Recently the social media was abuzz with the news of Indian soldiers’ pension being cut by 50% for those seeking voluntary retirement after 20 years of service. One suggested methodology is to follow the Canadian Armed Forces Pension scheme. Canadian Armed Forces Pay scales are second only to the Australian.
It is a well established fact that the Armed Forces have a steep pyramidcal structure – more at the officers level – and also at the soldiers level. The need is to have a young and large base – Lieutenants, Captains and Majors for officers and Privates for soldiers.
Canadian Armed Forces offers 50% pension on completion of 10 years of service. Officers who continue further are only put through command and staff courses and they rise up to command battalions/ regiments. This results in:-
- Those wishing to retire after 10 years of service are generally about 35 years old and many even get married and raise their families on retirement.
- The 50% pension assures them a constant income and facilitate them to embark on a new career.
- The pyramidical structure of the Forces is considerably reduced.
- Those wishing to serve beyond 10 years receive their pension on a sliding scale to be 100% with 20 years of service.
Among those invalidated out or those who sought voluntary retirement due to medical disabilities, about 40 per cent were for mental health, about half of those were diagnosed as post-traumatic stress disorder (PTSD).
Most Indian Army soldiers and officers do suffer from PTSD due to intense combat situations they face – Canadian Armed Forces hardly face any such situation. Luckily the military echelons never accepted the existence of PTSD in the Indian Army – hence no claimants for disability pension.
Canadian Veterans who qualify for disability benefits receive up to 75 per cent of the salary they were earning when they left the Forces. They are guaranteed benefits for 24 months initially, or until age 65 for those completely disabled, after which the Canadian Pension Plan (CPP) kicks in.
The rise of mental health claims is often chalked up to Canada’s difficult 2002-11 combat mission in Afghanistan. The Treasury Board of Canada Secretariat (TBCS) noted that the Afghanistan mission was far from the only source of mental health risks. Even at home in Canada, military service means moving often and spending time on duty far from family – a standard practise for most Indian soldiers.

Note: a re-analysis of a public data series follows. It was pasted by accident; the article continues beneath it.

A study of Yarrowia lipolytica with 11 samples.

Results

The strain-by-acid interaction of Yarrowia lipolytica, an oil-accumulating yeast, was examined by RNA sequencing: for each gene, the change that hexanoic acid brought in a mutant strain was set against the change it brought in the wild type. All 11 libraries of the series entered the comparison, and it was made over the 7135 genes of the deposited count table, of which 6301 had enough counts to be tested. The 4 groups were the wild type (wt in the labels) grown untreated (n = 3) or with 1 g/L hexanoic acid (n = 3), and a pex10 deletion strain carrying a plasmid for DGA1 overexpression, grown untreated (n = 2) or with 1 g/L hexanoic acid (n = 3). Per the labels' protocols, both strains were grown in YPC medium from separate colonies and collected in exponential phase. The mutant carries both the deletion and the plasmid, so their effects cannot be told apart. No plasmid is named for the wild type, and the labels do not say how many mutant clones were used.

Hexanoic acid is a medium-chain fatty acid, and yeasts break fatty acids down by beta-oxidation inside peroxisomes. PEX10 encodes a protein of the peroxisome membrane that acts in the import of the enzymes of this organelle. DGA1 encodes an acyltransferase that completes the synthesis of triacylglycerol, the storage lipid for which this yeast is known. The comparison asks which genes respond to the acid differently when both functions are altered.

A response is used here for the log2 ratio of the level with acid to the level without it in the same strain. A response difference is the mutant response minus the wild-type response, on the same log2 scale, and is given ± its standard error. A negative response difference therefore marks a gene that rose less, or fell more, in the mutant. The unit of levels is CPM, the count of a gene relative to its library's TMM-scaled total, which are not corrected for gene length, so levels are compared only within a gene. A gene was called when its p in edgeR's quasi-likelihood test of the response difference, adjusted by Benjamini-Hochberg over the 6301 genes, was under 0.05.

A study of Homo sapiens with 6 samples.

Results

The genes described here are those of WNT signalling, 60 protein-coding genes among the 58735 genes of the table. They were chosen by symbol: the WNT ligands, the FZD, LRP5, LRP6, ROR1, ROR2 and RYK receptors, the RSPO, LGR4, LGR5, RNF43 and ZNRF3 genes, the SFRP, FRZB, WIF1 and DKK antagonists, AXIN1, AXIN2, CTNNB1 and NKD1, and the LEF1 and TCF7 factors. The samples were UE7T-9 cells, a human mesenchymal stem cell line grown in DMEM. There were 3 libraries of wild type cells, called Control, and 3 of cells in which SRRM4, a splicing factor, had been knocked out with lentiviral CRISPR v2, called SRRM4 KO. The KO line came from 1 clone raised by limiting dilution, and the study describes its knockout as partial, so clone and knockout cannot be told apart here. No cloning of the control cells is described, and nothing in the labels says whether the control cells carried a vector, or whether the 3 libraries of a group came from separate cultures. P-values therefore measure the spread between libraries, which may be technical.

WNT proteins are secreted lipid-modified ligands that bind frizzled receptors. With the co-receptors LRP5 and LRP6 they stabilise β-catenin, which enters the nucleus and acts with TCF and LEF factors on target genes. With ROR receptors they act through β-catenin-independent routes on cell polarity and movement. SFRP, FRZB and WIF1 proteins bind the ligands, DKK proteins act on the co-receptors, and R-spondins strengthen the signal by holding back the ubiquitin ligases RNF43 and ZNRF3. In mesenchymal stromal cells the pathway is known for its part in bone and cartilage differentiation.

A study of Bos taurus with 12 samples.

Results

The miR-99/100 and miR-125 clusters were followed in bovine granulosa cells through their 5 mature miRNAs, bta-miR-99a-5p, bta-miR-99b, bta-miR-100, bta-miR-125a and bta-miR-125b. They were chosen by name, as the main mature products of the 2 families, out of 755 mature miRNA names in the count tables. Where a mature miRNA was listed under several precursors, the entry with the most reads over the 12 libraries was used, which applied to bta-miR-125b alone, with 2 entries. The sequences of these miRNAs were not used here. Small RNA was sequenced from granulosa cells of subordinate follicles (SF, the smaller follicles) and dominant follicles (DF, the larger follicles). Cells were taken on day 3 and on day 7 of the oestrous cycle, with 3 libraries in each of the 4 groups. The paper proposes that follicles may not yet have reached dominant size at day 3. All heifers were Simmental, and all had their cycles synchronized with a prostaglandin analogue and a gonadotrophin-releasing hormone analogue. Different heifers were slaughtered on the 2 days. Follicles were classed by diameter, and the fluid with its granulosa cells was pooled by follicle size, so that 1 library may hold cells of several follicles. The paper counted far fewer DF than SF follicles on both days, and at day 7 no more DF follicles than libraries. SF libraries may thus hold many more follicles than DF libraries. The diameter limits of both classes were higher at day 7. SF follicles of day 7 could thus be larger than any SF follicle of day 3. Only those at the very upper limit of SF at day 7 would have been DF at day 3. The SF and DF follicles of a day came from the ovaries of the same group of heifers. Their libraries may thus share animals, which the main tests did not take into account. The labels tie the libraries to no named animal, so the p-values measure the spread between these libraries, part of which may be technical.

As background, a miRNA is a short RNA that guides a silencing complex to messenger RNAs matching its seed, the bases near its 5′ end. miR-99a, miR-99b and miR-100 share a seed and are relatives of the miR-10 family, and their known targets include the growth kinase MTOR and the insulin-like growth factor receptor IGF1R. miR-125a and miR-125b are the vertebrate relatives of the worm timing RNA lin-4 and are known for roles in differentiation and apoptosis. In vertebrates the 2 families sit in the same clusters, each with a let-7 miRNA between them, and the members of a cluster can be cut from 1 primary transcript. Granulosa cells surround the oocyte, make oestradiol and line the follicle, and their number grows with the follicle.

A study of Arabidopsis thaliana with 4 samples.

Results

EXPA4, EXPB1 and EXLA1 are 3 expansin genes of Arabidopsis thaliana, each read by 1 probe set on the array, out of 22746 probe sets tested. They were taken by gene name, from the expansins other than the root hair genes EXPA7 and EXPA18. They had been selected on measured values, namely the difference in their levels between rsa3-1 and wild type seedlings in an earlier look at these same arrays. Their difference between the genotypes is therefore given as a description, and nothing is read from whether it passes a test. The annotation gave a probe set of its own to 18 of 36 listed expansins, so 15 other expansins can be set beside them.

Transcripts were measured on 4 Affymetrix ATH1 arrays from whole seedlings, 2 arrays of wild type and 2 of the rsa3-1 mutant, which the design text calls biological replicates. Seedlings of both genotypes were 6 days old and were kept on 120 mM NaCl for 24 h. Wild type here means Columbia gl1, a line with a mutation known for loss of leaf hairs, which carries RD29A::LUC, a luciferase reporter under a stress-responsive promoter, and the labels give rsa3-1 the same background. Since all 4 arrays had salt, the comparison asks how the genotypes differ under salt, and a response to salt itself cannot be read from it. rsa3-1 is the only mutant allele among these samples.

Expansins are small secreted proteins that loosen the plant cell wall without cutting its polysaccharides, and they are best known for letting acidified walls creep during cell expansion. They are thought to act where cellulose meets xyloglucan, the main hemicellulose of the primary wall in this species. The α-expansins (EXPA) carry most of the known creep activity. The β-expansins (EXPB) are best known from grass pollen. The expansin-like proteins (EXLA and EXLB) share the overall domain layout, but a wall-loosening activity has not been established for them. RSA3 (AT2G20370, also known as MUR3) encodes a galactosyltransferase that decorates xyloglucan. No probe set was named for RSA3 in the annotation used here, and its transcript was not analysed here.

Common disability among Canadian soldiers for Fiscal Year 2018–19 were:-
- TINNITUS 6,726
- HEARING LOSS 6,139
- PTSD 2,440
- ARTHROSIS OF KNEE 842
- OSTEOARTHRITIS KNEE 781
- DEPRESSIVE DISORDERS 721
- LUMBAR DISC DISEASE 629
- OSTEOARTHRITIS HIP 617
- CERVICAL DISC DISEASE 578
- FACET JOINT SYNDROME 50
Tinnitus is defined as the perception of a sound in one or both ears or in the head when it does not arise from a stimulus in the environment. A single indication or complaint of tinnitus is not sufficient for diagnostic purposes. The condition must be present for at least 6 months. Individuals who experience tinnitus have provided many different descriptions of what the tinnitus sounds like to them. Descriptions include high-pitched sound, ringing sound, whistle, squealing sound, hum, pulse-like sound, etc
There are two general types of Hearing Loss – sensorineural (sometimes called perceptive) and conductive hearing loss. Sensorineural hearing loss is hearing loss due to a defect in the cochlea or the auditory nerve whereby nerve impulses from the cochlea to the brain are attenuated. Conductive hearing loss means the partial or complete loss of hearing due to defective sound conduction of the external auditory canal or of the middle ear. A mixed hearing loss is a combination of sensorineural and conductive. A hearing loss disability exists when there is a Decibel Sum Hearing Loss (DSHL) of 100 dB or greater at frequencies of 500,1000, 2000 and 3000 Hz in either ear, or 50 dB or more in both ears at 4000 Hz.
Most Indian Soldiers and Veterans will vouch that a great chunk of them are suffering from Tinnitus or Hearing Loss and also that most soldiers under their command suffered from it – especially those from the Armoured Corps, Regiment of Artillery, Aviation and also Mechanised Infantry.
Will the Indian Military hierarchy ever be willing to accept the existence of Tinnitus, Hearing Loss or PTSD?